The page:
Bitcoin's last dip taught us what a free market looks like

English Apr 27, 2021

Every market has cycles. These cycles go through ups and downs and can be analyzed from different perspectives, possibly the most interesting being the binary greed / fear division.

This subjective indicator became famous when Baron de Rothschild said:

“Buy when there's blood in the streets, even if the blood is your own.”

Warrem Buffet also stated something similar:

“I will tell you how to become rich. Close the doors. Be fearful when others are greedy. Be greedy when others are fearful.”

Howard Marks, the legendary American investor, has dedicated years of his life to identifying these cycles. His life's work was consolidated in a work highly appreciated in the financial market known as: Mastering The Market Cycle.

According to Marks, When times are good, investors become optimistic and buy financial assets. As a result:

  • Their net worth increases
  • They get access to more credit
  • They feel good about their past decisions
  • They have money (or available credit) to buy more financial assets
  • They buy more financial assets
  • Financial assets increase in price to cope with higher demand
  • Financial assets owned by investors appreciate
  • So does investors’ net worth (hence, access to credit)
  • They have more money to buy more financial assets
  • They buy more financial assets
  • This is how and why financial markets go up.

The problem is when the investors begin taking profits. Throughout history extremely leveraged banks with high exposure to derivatives went bankrupt and generated a cascading effect. This effect, which is becomingo more potent each market cycle, could generate losses on losses, reaching priceless damages not only on the participating players themselves but on the whole society. This huge risk is called a systematic risk.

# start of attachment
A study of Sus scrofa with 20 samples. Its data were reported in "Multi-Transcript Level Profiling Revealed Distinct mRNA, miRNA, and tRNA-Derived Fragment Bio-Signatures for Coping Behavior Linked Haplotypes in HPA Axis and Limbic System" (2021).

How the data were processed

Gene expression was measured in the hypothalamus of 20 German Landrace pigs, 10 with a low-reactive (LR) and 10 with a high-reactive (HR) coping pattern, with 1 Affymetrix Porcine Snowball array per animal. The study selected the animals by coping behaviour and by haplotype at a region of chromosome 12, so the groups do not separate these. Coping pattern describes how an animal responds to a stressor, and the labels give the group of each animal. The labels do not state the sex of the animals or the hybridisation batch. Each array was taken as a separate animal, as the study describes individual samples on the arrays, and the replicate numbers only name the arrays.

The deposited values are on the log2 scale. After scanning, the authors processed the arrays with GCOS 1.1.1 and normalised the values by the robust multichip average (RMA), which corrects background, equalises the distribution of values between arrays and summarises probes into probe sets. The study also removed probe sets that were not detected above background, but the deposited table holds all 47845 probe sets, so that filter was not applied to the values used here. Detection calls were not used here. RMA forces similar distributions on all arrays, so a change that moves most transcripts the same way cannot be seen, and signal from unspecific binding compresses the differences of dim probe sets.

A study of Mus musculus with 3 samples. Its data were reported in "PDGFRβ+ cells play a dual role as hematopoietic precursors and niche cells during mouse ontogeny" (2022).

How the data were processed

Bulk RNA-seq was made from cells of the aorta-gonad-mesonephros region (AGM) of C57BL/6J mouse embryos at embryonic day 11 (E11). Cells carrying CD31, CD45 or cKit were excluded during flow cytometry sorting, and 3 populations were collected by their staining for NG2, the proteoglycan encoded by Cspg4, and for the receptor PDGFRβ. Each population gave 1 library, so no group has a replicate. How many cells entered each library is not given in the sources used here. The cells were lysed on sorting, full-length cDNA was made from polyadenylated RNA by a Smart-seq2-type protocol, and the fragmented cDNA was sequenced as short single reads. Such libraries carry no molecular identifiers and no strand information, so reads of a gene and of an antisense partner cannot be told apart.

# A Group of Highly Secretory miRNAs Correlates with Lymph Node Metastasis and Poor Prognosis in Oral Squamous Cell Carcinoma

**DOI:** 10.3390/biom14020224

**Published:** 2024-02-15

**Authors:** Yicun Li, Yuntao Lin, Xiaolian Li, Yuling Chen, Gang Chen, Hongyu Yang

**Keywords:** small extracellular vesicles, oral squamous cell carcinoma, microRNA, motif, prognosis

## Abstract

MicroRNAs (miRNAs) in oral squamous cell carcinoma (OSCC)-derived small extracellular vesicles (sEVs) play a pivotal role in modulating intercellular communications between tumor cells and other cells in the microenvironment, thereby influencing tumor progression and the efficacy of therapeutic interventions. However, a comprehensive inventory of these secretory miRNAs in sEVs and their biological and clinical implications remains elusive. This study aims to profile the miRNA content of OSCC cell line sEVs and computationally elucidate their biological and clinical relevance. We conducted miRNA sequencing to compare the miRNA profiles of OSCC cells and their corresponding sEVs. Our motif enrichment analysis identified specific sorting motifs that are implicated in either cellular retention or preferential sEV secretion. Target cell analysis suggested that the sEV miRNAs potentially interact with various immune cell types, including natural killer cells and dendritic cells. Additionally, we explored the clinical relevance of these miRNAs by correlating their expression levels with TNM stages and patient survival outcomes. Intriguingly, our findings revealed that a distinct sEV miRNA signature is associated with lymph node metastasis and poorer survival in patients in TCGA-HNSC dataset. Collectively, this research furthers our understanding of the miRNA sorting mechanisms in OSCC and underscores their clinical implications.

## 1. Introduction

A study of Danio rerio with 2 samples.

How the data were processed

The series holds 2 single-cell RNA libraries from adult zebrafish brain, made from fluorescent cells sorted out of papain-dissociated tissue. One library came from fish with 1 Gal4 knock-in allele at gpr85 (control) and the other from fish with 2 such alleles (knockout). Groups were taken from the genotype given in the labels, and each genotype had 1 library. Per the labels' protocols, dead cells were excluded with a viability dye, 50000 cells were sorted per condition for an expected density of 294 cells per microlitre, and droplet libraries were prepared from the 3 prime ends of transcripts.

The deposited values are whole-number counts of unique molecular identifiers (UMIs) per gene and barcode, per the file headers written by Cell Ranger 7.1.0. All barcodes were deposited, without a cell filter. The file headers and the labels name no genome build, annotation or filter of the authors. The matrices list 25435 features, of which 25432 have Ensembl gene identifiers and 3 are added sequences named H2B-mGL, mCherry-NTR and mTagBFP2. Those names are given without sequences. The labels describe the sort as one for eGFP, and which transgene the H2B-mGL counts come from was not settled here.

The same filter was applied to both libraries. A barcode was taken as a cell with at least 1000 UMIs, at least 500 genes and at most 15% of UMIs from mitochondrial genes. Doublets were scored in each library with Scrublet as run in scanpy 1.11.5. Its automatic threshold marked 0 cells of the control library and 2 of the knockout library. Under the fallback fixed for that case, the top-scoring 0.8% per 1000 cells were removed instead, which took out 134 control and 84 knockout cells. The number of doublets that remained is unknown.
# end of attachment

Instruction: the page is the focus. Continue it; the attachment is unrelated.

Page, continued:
It was always like that, and I admit that until recently, I thought it always would be. This not-so-distant reality almost happened earlier this year when Archegos, Bill Hwang's family office, wreaked havoc on Wall Street when heavily leveraged bets he made on a small collection of stocks collapsed, causing huge losses in half a dozen banks that they had lent heavily to the investor.

Even though the entire financial system works alternating between periods of greed and fear, there is no reason why someone else's greed will spill over to the society that doesn't have the skin in the game and that certainly would not receive the gains if such operations were successful.

Last week, Bitcoin's price plummeted from around $ 60,000 to almost $ 46,000, liquidating several leveraged positions.

To be more exact, $ 1,744,970,237 of liquidations from short and long positions were settled.

It is speculated that the reason is a possible tax increase for capital gains on cryptocurrencies in the United States. Regardless of the reasons, the consensus among traders is that the liquidation of leveraged positions is good for the market and clear the scenario for us to have new highs.

The big difference, however, is in the fact that there were no government bailouts, there were no setbacks, there were no lawsuits, nor did it take months to see the damage. The contracts were settled instantly, 24 hours a day, 7 days a week. The cryptocurrencies used as collateral changed hands in a subtle way. And the market continued to operate without the need for interventions, each player bearing the consequences of their respective decision. That's exactly how a free market looks like.


Morel Hernandes

Writer passionate about politics, economics, blockchain and crypto-currencies.